One of the three most populous cities in Western China, Chengdu is home of the country's national treasure, the Giant Panda. It is also a thriving cultural hotspot that mixes rich history, literature and fine art with scientific innovation and technology.
Tours and activities in Chengdu
There’s so much to see and do in Chengdu that you should consider booking a guide or taking one of the many organized tours available. Whether you want to experience the fairy-tale surrounding of Jiuzhaigou, the Giant Pandas or the ancient history of the area, a guide with local and historical knowledge will only add to your enjoyment.
A guide will also help you to book tickets for the Chengdu Research Base of Giant Panda Breeding, a night of opera or a visit to one of the many beautiful tea rooms in the city.
Best time to visit
Chengdu has a mild, humid climate throughout the year, but the best time to visit would be March-June when you’ll experience pleasant spring conditions. September to November are cooler but are also pleasant, while the rainy season in July and August usually brings storms, so you might want to avoid that time of year.
Top Attractions in Chengdu
Chengdu is packed full of cultural activity, so it’s worth drawing up an itinerary if you plan to make the most of your stay there.
Getting here and getting around
Chengdu boasts the busiest airport in Central and Western China and has flights from more than 70 domestic cities and 20 international cities. Only 16km from the center of the city, perhaps the easiest way to travel from the airport is by train; routes lead to two stations in the city, and your journey will take only 10-15 minutes. There are also shuttle buses that regularly run to downtown Chengdu.
If you’re arriving in the city from elsewhere in China, the train is once again your best bet, with a total of three railways (and a fourth under construction). However, Chengdu has a well-developed transport network, with several large-scale road projects in development; when completed, it will take only half an hour to get from Jintang or Heilongtan to Chengdu.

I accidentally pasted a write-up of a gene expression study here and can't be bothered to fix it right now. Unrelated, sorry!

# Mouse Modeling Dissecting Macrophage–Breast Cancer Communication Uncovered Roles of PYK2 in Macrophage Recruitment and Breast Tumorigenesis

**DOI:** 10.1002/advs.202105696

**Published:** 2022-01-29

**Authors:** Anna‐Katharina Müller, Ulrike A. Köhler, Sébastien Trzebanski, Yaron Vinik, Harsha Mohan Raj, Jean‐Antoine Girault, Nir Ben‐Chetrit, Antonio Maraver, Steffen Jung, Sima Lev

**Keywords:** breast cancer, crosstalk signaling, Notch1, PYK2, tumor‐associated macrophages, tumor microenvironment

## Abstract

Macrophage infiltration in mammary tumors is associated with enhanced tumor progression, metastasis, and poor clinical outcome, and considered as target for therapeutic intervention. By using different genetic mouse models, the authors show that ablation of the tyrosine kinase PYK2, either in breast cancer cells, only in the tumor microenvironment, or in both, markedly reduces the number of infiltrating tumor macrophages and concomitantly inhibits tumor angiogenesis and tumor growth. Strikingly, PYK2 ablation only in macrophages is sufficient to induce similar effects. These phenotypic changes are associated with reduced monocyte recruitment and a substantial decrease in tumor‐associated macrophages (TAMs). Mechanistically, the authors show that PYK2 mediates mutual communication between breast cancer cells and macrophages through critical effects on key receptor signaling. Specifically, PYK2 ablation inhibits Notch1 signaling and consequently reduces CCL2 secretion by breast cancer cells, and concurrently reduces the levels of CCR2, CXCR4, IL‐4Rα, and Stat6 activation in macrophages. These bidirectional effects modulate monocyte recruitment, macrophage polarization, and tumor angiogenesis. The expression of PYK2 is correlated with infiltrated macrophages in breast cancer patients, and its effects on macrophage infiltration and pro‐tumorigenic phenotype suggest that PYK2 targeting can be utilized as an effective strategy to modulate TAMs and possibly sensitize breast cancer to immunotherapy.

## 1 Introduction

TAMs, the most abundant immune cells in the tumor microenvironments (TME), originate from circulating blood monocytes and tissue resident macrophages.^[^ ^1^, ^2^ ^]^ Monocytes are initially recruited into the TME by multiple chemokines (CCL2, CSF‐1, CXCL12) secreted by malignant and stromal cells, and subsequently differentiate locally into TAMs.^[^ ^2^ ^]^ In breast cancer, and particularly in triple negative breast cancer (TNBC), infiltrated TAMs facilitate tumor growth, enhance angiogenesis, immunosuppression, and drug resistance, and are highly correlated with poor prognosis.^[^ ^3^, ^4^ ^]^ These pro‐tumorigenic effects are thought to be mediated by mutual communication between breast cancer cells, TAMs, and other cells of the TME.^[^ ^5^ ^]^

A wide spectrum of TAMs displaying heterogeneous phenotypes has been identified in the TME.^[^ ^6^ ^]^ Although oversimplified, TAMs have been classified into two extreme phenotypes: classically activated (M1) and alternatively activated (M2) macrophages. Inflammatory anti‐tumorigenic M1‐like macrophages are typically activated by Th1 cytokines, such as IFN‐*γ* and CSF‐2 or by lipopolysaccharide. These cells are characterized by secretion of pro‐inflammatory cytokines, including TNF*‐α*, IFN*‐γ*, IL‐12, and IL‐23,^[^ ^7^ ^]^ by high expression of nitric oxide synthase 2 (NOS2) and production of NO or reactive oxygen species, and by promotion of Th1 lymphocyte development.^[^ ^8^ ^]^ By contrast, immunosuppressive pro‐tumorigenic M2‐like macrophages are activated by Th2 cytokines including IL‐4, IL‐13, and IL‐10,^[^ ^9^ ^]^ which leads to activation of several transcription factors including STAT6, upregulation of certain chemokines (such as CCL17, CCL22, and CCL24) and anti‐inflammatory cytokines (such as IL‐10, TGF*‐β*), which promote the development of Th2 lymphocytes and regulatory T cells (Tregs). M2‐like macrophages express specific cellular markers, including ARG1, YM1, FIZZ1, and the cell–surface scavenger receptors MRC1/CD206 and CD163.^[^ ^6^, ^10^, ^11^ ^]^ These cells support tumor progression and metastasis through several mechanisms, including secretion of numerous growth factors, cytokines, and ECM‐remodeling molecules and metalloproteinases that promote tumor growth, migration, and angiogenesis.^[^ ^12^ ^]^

Traveling within the city itself is easy. Four metro lines are currently in operation with another two under construction and more to follow, while city buses are widely available, charging only ¥1 for most trips. There are hundreds of taxi stands across the city, with flag-down rates starting at ¥12 or ¥13 depending on the time of day, but it’s recommended that you discuss fares with drivers in advance for journeys to and from bus and railway stations: they’re liable to switch off their meter.
Eating and drinking
Sichuan cuisine is famous in its own virtue. Piquant and with complex flavors, this style of cooking has evolved and developed over time, with typical dishes like Ma Po Tofu, Kung Pao Chicken and Twice Cooked Spicy Pork Slices all considered specialties. Be warned that much Sichuan cooking is hot; however, the complex flavors intermingle making them unique.
If you’re adventurous and would like to try some of the best Sichuan cuisines in the city, try the Piaxoue Sichuan Cuisine Restaurant, Shizilou or Baguio Biyi. Alternatively, the city is lined with all manner of snack bars and street foods.
Nightlife is diverse in Chengdu, with teahouses, bars, and guesthouses opening late. You might also like to sample some of the areas rich operatic culture. The Bianlian or Changing faces can be seen in the Sichuan Opera Theatre on Zhuangyuan Street.
Getting a good night's sleep
Even the most expensive hotels in Chengdu are relatively well-priced. Top of the list of high-end places to start is the Ritz-Carlton. This fairly new hotel with a familiar name offers great service, rooftop dining and a range of spa treatments.
If you’re traveling on a budget, check out the Dragontown International Youth Hostel, but if you can afford mid-range prices, you’re spoiled for choice. The Sofitel Chengdu Taihe and the Crowne Plaza Chengdu City Centre both offer great value, with excellent service and good locations.